No greater theme has led stewardship talk in the past generation than that of “abundance vs. scarcity.” In today’s piece, David Loleng acknowledges the popularity of the trope while seeking to add complexity. How does abundance language implicate cultural themes of conspicuous consumption or prosperity gospel? As an alternative, David suggests a humbler frame for our stewardship themes: enough.
Adam Copeland, Center for Stewardship Leaders
When Enough is Enough
By Rev. David Loleng
“And my God will meet all your needs according to the riches of his glory in Christ Jesus.
“…. and be content with what you have…”
Our culture has convinced us that abundant life is about getting more - more of anything that can be better, newer, faster, and in our hands sooner. The anxious urge to “consume now and pay later” is fed by a sense of scarcity. Advertising preys on these fears; the average person in the USA is bombarded by over 4,000 advertisements each day. Ads often work by implying our lives are inadequate and unfulfilled, illustrating that we somehow need every excess we want. This ubiquitous consumerism is diametrically opposed to the abundant life Jesus reveals (John 10:10).
Forces of our culture’s consumerism have even weaseled their way into our stewardship language and ideas. In a theology of scarcity, we believe there will not be enough for everyone, and doubt that God will provide for us. The scarcity mentality can plunge us into toxic suspicion and bitter competition.
To heal from this scarcity mentality, many people focus on shifting to an abundance mentality. But current forms of this model do not resonate with everyone. There is true scarcity in contemporary society - a scarcity of resources, opportunities, and security - a reality that hits hardest for people in historically exploited communities of color, cities in decline, and emerging adults facing a changed economy. Recognizing that God provides for us out of God’s abundance does not dissolve our struggles. We must also be wary of how abundance mentality can lead to a nuanced form of prosperity gospel, which misleadingly attributes material scarcity to a lack of faith.
As I have talked with a wide range of church leaders about stewardship and generosity, sufficiency has surfaced as a concept distinct from both scarcity and abundance. Lynn Twist, author of The Soul of Money, explains that:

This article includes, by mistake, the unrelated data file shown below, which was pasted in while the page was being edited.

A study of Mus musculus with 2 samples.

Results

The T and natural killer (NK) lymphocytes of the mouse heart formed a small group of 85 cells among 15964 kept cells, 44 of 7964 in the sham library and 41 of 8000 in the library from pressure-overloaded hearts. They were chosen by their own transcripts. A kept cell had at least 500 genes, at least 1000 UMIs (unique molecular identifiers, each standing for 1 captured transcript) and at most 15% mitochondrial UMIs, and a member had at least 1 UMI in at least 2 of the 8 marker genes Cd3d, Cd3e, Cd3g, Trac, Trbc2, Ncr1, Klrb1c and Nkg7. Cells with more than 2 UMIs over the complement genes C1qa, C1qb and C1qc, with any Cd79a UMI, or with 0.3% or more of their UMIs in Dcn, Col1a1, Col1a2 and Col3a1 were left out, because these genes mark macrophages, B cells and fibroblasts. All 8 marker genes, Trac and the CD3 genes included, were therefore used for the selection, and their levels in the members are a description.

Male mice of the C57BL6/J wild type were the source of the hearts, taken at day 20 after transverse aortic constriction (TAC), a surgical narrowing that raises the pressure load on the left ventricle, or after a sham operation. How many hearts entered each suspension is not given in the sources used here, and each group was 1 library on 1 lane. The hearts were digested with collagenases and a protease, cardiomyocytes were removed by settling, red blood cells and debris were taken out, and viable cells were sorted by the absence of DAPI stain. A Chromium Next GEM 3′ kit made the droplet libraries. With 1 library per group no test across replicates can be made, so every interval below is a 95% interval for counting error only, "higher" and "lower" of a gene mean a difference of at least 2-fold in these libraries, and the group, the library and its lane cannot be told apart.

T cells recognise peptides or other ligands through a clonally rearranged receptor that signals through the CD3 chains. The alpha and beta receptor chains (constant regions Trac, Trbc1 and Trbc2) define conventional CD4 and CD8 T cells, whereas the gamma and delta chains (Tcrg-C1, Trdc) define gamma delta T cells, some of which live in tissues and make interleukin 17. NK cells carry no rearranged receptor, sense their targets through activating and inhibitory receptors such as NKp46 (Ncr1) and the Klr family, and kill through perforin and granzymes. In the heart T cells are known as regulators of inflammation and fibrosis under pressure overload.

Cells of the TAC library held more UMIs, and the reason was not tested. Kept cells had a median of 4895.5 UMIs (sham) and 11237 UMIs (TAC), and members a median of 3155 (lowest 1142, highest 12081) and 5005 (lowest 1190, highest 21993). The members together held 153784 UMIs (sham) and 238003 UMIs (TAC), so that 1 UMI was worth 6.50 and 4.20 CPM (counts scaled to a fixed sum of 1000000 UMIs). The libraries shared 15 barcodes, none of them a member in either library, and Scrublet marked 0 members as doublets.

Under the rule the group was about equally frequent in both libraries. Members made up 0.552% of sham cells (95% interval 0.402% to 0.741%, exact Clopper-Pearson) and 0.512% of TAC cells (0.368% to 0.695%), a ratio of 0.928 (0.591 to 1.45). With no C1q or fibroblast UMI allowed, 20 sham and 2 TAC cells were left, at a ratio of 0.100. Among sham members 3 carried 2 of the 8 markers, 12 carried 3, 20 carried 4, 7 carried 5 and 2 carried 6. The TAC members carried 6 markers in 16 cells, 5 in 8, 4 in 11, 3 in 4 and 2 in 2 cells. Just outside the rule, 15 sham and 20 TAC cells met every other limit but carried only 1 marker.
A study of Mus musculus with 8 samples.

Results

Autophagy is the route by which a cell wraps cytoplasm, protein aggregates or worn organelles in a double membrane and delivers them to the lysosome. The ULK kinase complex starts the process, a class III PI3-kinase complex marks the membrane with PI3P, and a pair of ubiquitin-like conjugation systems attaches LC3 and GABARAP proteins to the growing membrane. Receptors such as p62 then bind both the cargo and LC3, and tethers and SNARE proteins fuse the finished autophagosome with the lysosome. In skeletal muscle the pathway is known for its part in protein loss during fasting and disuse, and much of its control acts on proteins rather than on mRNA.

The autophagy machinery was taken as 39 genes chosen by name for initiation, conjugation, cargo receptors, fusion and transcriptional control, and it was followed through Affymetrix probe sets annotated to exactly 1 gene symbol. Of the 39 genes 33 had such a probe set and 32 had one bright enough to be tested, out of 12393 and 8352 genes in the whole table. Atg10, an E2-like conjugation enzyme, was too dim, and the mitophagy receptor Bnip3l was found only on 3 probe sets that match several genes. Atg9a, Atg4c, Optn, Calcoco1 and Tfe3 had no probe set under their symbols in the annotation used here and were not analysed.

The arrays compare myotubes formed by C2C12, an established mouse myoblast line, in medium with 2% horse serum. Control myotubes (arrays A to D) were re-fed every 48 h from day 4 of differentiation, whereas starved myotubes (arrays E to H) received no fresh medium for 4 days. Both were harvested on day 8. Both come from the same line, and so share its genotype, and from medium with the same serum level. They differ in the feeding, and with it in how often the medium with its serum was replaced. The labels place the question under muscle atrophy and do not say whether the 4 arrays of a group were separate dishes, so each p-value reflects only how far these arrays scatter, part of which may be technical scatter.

“Sufficiency …is not the same as abundance (abundance is more than we need – it is excess). Sufficiency is precise. It means that things are sufficient, exactly enough.”
Shifting from mindsets of scarcity or out-of-touch abundance, we should explore a mindset and theology of sufficiency. This approach can move us from fear and denial to creative possibilities in relation to our resources.
We find a biblical example of God’s sufficiency in Exodus. God provided daily for the people wandering in the desert, sending manna to eat. The catch was that the manna would spoil after a day, so they could not store it and thus relied on God every day. In Exodus 16:16-18, God instructs the people to measure the manna with a device called an Omer (with a volume of about two quarts) for each person, so that there would be enough for each person.
“…When they measured it with an Omer, those who gathered much had nothing over, and those who gathered little had no shortage; they gathered as much as each of them needed (16:18).”
What if we applied this sufficiency mentality to our lives? What if we strived for enough rather than the excess of capturing abundance? And what if the abundance that we might be blessed with could be used for the common good?
Having a sufficiency mindset can lead us to live more simply, to experience more contentment, to live with greater gratitude and generosity, to re-calibrate our lives to what God desires, and to use our resources for God’s purposes, and by extension, the common good. As Lynne Twist goes on to write:
“There is a principle of sufficiency, and it is as follows: When you let go of trying to get more of what you don’t really need, which is what we are all trying to get more of, it frees up immense energy to make a difference with what you have…to be known for what we allocate rather than what we accumulate.”
Maybe such an approach to allocation, to stewardship of the resources available, is what Jesus meant when helping us transform our ideas of abundant life.
For More Information
Rev. David Loleng is the Director of Church Financial Literacy and Leadership at the Presbyterian Foundation (PCUSA). He is the co-author of the three-part Engage (Gospel, Discipleship, Mission) Curriculum and Online training modules. David speaks nationally and has written published essays and articles about evangelism, stewardship, leadership, formation, missional life and culture.
More information about Lynne Twist’s book The Soul of Money (mentioned in the article) can be found online.